Mbira queen getting better with age
Watching her perform on two occasions when she returned to Zimbabwe recently, one would think that Chiweshe is still in her early thirties because of the way she swayed and swerved as she danced to her lovely mbira tunes.
Ambuya Chiweshe returned to Zimbabwe for live shows after years of absence from the local scene and her first performance was at the Rainbow Towers Gardens in Harare on September 21 before an appearance at the Mzee Bira gala in Mutare the following night.
At Rainbow Towers, she shared the stage with equally gifted musician Chiwoniso Maraire who can aptly be regarded as the princess of mbira music in Zimbabwe.
Chiwoniso saluted Ambuya Chiweshe giving her credit for popularizing mbira music and inspiring many a female mbira player.
“I feel very humbled by Ambuya Chiweshe’s presence here. She has the energy of a youth and no one can match her musical prowess. She has indeed achieved a lot for the mbira music industry, for female musicians, for Zimbabwe and Africa at large. She is just good and sharing the stage with her makes us feel like little babies learning to crawl,” said Chiwoniso as she introduced Ambuya Chiweshe on stage.
I saw her in meditating under a tree at the garden before going on stage – probably communing with the spirits that she claims to have led her throughout her music career – and realised how religiously she handles her career.
Clad in all white, Ambuya came up the stage amidst wild cheers from her long time fans and her sign-in gesture was playing the African drum.
“The drum is an integral part of our tradition and it defines who we are and demarcates the various clans and tribes that we have in our African culture.
People from various parts of the continent can be identified by the type of drum and rhythm that they play. But the drum has always played second fiddle to other instruments when it comes to commercial and international music so we decided to give it a leading role in our music,” she commented after playing traditional mbakumba and dandanda drums.
Then she took to the dance floor and the whole garden exploded with cheers of appreciation. The energy and verve with which she danced left many questioning the source of the aging musician’s strength.
“She is very robust and her dances defy her age. One cannot believe that she is 60 years old. She has the energy of a teenager,” commented one fan after the show.
After the rainbow Towers show, Ambuya Chiweshe performed at Mzee Bira, a musical gala held in honour of the late Vice -President Simon Muzenda, at Sakubva Stadium in Mutare.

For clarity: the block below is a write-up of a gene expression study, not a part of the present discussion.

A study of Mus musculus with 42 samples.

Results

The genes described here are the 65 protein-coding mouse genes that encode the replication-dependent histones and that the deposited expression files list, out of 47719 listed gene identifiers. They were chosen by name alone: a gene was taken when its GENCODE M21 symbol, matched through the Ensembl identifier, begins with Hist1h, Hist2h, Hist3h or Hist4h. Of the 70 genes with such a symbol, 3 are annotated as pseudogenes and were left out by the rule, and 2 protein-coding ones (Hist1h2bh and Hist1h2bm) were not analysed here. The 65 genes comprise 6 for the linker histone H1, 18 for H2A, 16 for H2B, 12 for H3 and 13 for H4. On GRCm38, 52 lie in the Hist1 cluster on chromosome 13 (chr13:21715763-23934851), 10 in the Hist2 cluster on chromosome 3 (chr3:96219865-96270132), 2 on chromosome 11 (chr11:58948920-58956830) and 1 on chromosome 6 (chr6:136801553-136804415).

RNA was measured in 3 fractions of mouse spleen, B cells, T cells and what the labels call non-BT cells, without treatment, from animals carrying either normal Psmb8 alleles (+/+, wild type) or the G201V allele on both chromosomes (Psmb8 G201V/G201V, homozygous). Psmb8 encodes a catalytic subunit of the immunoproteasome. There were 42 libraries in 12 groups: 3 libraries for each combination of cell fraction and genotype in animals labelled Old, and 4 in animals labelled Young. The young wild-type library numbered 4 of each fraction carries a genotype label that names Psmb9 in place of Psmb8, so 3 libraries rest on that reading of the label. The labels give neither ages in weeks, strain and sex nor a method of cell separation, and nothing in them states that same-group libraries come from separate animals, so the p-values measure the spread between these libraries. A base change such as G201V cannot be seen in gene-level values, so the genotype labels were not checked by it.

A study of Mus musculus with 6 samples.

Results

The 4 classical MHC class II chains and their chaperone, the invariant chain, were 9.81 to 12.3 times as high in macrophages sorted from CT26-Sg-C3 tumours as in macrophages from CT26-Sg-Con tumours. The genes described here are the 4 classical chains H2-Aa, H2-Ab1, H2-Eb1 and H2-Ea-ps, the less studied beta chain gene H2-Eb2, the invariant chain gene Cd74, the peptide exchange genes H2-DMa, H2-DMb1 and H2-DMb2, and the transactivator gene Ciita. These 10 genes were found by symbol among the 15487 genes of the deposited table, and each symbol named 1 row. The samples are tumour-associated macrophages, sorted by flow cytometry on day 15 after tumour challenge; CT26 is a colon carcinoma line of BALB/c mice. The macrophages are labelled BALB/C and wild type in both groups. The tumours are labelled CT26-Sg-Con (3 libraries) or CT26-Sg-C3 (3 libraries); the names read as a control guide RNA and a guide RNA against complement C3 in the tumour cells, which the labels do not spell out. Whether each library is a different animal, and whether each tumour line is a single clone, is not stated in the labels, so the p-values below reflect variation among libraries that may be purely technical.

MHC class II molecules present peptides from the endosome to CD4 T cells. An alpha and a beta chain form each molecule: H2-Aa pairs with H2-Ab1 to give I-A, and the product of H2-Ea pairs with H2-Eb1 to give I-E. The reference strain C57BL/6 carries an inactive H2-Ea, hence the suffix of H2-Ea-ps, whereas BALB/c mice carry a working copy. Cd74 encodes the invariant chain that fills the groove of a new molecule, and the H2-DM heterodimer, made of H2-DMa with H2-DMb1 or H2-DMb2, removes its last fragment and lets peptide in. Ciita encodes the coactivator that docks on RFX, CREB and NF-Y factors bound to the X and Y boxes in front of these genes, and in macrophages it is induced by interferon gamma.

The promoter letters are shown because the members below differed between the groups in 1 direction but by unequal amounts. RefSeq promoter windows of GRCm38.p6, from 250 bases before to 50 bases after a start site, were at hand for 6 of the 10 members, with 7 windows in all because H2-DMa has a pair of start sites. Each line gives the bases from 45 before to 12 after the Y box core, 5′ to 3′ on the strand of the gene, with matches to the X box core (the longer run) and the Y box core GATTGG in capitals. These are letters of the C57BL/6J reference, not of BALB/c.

The energy with which she stormed the stage again shocked thousands that were at the stadium and millions that were watching the gala on television. Ambuya is indeed still full of energy and raring to go.
She still has the strength with which she stole the limelight on the Zimbabwean and international music scene in the early 1990s.
Ambuya Chiweshe was the first female artist to gain prestige and has been honoured with recognition in a music tradition that has been dominated by men: in Mbira music – known as the backbone of Zimbabwean music.
She is one of the few musicians in Zimbabwe and Southern Africa, who since more than 35 years have worked tirelessly to popularise traditional mbira music.
When Zimbabwe was still a British colony, Ambuya secretly took centre stage in spearheading forbidden African ceremonies through mbira music.
Before independence Mbira instruments had to be kept hidden, because the colonial government had banned the instrument fearing its magical powers.
Playing Mbira was punished with prison but Ambuya took it upon herself to sometimes play through the whole night at forbidden reunions.
She decided to pursue music at a higher level and released more than 20 mbira singles of which her first single Kasahwa went gold in 1975.
After Independence she was invited to become a member of the original National Dance Company of Zimbabwe, where she soon took the part of a leading Mbira solo player, dancer and actress.
Her solo work established her as one of the most original artists in the contemporary African scene using popular music to show the deepness and power of her traditional spiritual music at home and abroad.
The fusion of Ambuya’s mbira and contemporary guitars has not only made her an international figure, but also as Zimbabwe’s cultural Ambassador.
Apart from her merit combining Mbira with Marimba in modern Zimbabwean music, she has built a considerable fan base in Europe where she is now based.
She boasts of seven internationally successful albums that include Ndizvozvo Ambuya, (1987), Chisi (1989), Kumusha (1991) and Shungu (1994).
Kumusha track won her a 1993 Billboard Music Award for performance on the Adult/ Alternative/ World Music Album of the year.
She has also compiled her best songs on the album The best of Stella Chiweshe that was released in 1998 while The Healing Tree, Tapera and Talking Mbira are some of her successful albums.
Certainly she broke significant new ground for the likes of Virginia Mukwesha (her daughter), Chiwoniso (daughter of celebrated mbira player, the late Dumisani Maraire) and the countless other female musicians in Zimbabwe.
The combination of mbira and marimba might seem relatively obvious nowadays, but Chiweshe is often credited as the first artist to actually bring the two together. She said she had been searching for a sound that had been evading her since her very first recording back in 1974.
After almost ten years it clicked, and she now uses two marimbas to recreate the sound of one mbira based on the idea of reconstructing the mbira sound on guitar.
For her success and determination the University of Zimbabwe awarded her a Master of Arts Honorary Degree in 2003 for popularising mbira music both locally and internationally.